Dignity of Diversity
How can we create understanding and promote respectful communication in our virtual classroom? In this module we will explore language, attitudes, and knowledge that will encourage risk-taking in our discussions, and promote linguistic and intellectual growth.
What does it mean to be a good listener?
What techniques can we use to be active listeners?
What influences our perspective?
How are we shaped by our identities?
Where do we see diversity?
Is diversity important?
What is Implicit bias? How does it affect us?
What are negative and positive stereotypes?
Attitude and Language
Diverse ideas and opinions create opportunities for growth. We may discover we need more evidence to support our viewpoint, or we may even reconsider a firmly held belief.
Language is key! And so having these conversations in a non-native language is challenging.
The Lunch Date
This Oscar-winning short film created in 1989 offers an insight into class differences, race, perceptions, and misperceptions. While viewing the film, consider the setting, the music, and the time period.
The Lunch Date
Questions for Discussion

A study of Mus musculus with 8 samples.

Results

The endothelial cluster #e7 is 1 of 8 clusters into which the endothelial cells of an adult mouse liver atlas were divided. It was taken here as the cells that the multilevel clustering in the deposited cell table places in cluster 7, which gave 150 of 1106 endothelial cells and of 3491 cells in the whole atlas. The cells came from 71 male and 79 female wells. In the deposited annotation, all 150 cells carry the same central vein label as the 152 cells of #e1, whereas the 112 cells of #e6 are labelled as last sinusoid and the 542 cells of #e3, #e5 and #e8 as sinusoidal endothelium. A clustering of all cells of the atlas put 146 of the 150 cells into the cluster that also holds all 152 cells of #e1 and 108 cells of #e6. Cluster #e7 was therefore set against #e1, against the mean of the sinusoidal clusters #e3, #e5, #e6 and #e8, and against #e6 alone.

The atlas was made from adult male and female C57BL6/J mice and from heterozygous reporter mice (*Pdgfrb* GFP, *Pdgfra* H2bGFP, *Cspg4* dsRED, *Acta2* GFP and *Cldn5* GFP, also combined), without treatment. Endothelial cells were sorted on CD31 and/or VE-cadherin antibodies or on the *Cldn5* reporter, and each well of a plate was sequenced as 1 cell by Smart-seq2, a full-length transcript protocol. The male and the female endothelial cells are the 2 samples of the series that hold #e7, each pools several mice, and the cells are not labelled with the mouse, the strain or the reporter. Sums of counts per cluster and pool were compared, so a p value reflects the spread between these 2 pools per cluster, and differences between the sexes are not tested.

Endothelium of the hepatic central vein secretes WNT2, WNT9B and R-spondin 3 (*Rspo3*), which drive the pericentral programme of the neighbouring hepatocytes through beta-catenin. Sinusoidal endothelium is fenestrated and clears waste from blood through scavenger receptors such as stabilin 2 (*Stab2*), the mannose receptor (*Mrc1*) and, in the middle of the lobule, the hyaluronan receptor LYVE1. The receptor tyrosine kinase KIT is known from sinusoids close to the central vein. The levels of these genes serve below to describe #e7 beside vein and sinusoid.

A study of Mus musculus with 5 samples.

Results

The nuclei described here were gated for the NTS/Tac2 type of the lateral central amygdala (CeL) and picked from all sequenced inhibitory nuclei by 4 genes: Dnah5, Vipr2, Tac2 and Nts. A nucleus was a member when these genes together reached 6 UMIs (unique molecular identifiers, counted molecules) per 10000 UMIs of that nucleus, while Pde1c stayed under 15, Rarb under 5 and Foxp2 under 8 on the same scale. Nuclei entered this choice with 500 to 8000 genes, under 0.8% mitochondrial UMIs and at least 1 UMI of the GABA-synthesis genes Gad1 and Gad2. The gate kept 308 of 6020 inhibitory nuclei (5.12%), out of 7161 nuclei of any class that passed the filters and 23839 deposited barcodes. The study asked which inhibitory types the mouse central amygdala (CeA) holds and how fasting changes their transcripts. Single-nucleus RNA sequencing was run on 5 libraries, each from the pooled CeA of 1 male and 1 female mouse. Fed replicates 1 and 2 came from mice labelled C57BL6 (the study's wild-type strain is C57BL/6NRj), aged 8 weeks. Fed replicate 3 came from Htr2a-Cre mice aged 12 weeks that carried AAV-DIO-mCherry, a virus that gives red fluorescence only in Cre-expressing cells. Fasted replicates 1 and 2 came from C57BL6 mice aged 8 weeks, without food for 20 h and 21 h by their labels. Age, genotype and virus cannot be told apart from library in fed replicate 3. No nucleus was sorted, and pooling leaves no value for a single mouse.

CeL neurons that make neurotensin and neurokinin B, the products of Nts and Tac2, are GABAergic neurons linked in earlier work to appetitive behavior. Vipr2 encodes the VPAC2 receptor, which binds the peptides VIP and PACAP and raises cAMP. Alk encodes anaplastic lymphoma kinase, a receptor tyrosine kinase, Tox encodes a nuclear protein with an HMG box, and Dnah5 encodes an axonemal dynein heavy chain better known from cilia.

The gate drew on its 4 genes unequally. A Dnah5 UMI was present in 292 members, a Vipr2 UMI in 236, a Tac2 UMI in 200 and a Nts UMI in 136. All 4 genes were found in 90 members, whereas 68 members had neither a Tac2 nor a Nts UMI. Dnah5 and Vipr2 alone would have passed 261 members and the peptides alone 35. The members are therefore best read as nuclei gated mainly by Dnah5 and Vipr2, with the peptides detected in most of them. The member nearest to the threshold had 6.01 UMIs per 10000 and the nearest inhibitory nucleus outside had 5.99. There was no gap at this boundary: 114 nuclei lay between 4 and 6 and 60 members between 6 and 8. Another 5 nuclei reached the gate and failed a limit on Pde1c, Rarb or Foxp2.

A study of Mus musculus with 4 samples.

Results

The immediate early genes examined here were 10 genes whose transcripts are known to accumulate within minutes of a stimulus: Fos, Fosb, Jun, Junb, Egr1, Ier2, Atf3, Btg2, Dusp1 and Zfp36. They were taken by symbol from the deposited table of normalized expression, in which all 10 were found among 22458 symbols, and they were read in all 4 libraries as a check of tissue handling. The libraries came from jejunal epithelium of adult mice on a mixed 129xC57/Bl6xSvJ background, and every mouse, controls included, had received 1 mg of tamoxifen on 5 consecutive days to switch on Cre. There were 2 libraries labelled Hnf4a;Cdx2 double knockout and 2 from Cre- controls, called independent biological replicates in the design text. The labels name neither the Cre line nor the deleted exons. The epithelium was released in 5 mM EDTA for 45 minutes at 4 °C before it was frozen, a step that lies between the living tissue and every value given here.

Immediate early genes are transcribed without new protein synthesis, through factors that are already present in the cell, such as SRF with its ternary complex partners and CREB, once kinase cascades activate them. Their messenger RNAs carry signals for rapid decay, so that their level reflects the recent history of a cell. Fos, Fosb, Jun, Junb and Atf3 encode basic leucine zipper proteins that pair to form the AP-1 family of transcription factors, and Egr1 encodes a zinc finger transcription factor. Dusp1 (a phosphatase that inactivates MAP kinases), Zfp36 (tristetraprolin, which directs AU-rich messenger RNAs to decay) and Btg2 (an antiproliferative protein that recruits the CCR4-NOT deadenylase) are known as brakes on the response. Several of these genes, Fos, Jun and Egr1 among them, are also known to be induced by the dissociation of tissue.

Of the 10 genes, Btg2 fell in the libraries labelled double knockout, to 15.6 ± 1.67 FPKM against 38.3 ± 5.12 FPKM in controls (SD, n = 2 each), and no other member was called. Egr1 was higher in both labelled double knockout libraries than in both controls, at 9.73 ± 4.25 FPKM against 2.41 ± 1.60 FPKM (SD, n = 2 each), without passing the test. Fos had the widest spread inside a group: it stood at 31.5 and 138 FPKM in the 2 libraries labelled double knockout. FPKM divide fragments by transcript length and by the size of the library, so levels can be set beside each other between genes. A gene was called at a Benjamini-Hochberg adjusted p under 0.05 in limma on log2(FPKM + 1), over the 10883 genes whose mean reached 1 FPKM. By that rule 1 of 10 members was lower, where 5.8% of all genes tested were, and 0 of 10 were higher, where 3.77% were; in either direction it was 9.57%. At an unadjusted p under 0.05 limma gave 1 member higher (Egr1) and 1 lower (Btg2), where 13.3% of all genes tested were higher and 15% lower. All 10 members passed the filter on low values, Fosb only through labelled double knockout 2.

Think: A train station is a place of intersections. How?
How would you describe the woman's interaction with the African-American man who bumps into her and causes her purse to fall to the ground? What is her reaction?
It is not clear what happens when the woman drops her purse and the Black man offers to help. Why do you think the filmmakers made this choice?
Why does the woman start eating the salad that the man is eating in the booth?
How would you describe the relationship between the woman and the man eating the salad?
What does the woman think has happened to her bags when she comes back to the booth? Why does she think this?
How do you think the woman feels upon making the second train?
What are the reactions of different characters in the film to each interaction?
What are the signifiers of status seen in the film?
"We have inherited a large house, a great 'world house' in which we have to live together—black and white, Easterner and Westerner, Gentile and Jew, Catholic and Protestant, Moslem and Hindu—a family unduly separated in ideas, culture and interest, who, because we can never again live apart, must learn somehow to live with each other in peace."
The World House, From: Where Do We Go From Here: Chaos or Community, Martin Luther King, Jr., 1967
What is the message of this cartoon?
3 Ways to Speak English
Watch this video when you have a chance. Language is complicated; it can define you, exclude you, and within every language is a complicated history.